Gray Iron Castings
Gray iron castings manufactured by the automated green sand molding process represent the dominant cast products of today's technology. These castings are suited for the many shapes designed into components and parts by engineers because they are low cost, easily machined, strong, wear resistant, have good dampening ability, and exhibit properties of high flexibility.
Automatic green sand molding of Class 25, 30 and 35 gray iron castings is the preferred process for moderate to high quantities of castings that weigh under 150 lbs. The castings resulting are close to net shape. The automated aspect of the process further reduces cost and improves repeatability. Typically cast parts afford tolerances of +/- 0.030" or better on first article inspection and +/- 0.015" part-to-part in production for dimensions under 6".
Cored and noncored gray iron castings come in a weight range from less than 1 lb up to 120 lb in mold flask sizes of 14" x 19" and 20" x 24". Single order and shipment quantities generally range from 50 to 5000 parts. Iron pouring capacity is 50 tons per day. Preproduction engineering and planning sessions should precede order placement.
Quality castings are a consequence of casters following job-specific process instructions and the use of a written quality system requiring constant monitoring and documentation of all general processes.
What is Gray Iron?
Gray Iron is the oldest and most recognized type of cast iron. It has been produced in various forms for several thousand years. It is primarily composed of graphite flakes and either pearlite or ferrite or a combination of both. Other alloys or additives are often added to the mixture to impart specific properties to the Gray Iron.
What is a Gray Iron Casting?
A Gray Iron Casting is a part that has been made by pouring molten metal into a temporary sand mold that has been imprinted with a pattern.
When were Gray Iron Castings invented?
The Chinese first produced Gray Iron Castings over 2,500 years ago. The Chinese applications for Gray Iron Castings included weaponry, stoves, common household goods, tools, building materials, and statuary. The earliest recognized western production of Gray Iron Castings dates back to 1450 AD in England. (Historical information provided the American Foundry Society.)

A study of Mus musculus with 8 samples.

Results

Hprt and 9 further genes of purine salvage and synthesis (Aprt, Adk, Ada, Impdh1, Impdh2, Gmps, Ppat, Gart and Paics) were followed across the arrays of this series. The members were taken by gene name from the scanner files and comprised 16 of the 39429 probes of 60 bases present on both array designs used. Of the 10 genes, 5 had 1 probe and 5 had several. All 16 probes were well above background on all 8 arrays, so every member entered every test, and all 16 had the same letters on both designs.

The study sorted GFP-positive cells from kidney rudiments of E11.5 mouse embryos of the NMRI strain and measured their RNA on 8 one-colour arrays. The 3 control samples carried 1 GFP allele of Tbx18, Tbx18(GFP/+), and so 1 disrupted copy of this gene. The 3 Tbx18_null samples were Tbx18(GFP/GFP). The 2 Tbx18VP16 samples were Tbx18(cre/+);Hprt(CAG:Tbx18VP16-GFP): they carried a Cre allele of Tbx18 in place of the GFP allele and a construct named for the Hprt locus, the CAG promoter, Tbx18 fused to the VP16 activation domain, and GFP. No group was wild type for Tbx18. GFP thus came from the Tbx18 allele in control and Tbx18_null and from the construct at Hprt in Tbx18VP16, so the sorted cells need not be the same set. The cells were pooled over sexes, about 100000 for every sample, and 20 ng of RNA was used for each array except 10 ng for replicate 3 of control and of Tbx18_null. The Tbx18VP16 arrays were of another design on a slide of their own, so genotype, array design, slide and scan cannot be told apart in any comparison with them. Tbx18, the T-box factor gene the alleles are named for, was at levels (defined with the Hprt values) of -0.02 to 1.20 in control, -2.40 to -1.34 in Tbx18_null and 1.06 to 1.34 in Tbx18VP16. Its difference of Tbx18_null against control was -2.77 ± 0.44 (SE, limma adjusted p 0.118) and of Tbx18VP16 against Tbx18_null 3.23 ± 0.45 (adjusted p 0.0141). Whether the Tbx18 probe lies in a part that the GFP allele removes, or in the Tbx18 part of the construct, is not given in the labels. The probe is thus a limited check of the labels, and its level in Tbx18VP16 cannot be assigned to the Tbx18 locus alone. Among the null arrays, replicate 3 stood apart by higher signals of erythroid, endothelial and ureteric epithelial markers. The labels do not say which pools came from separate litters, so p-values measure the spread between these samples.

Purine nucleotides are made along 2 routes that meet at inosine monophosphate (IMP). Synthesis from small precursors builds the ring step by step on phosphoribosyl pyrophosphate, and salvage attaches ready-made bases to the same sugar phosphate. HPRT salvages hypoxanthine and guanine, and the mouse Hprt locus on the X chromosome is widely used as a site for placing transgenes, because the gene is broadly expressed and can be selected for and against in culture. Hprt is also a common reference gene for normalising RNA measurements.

Are there different types of Gray Iron Castings?
Yes, the metallurgy of the Gray Iron can be adjusted to make the cast metal harder or softer, dependent on the application. Additionally, alloy additions and secondary processes such as heat treating and annealing can affect the physical properties of the Gray Iron Casting.
What benefits do Gray Iron Castings provide?
There are a number of important benefits that the use of Gray Iron for casting provides. Gray Iron Castings can be:
- Machined more easily
- Used for damping or controlling vibration in wide range of applications
- Formulated so their metallurgy meet specific applications' requirements
- Used in applications that require dimensional stability
- Used in applications that require high strength to weight ratios
- Produced economically in high volumes using Disamatic equipment, and
- Tested for quality using non-destructive methods/LI>
- Designing a casting that are currently welded or assembled from several parts
How are Gray Iron Castings made?
There is a specific series of steps used to make Gray Iron Castings. The four common steps are:
- Create a wood or metal pattern of the part or parts to be cast.
- Use the pattern to create a sand mold that holds the shape of the part after the pattern is removed.
- Pour molten Gray Iron into the sand mold.
- Remove the sand mold after the casting has cooled, leaving the new raw Gray Iron casting.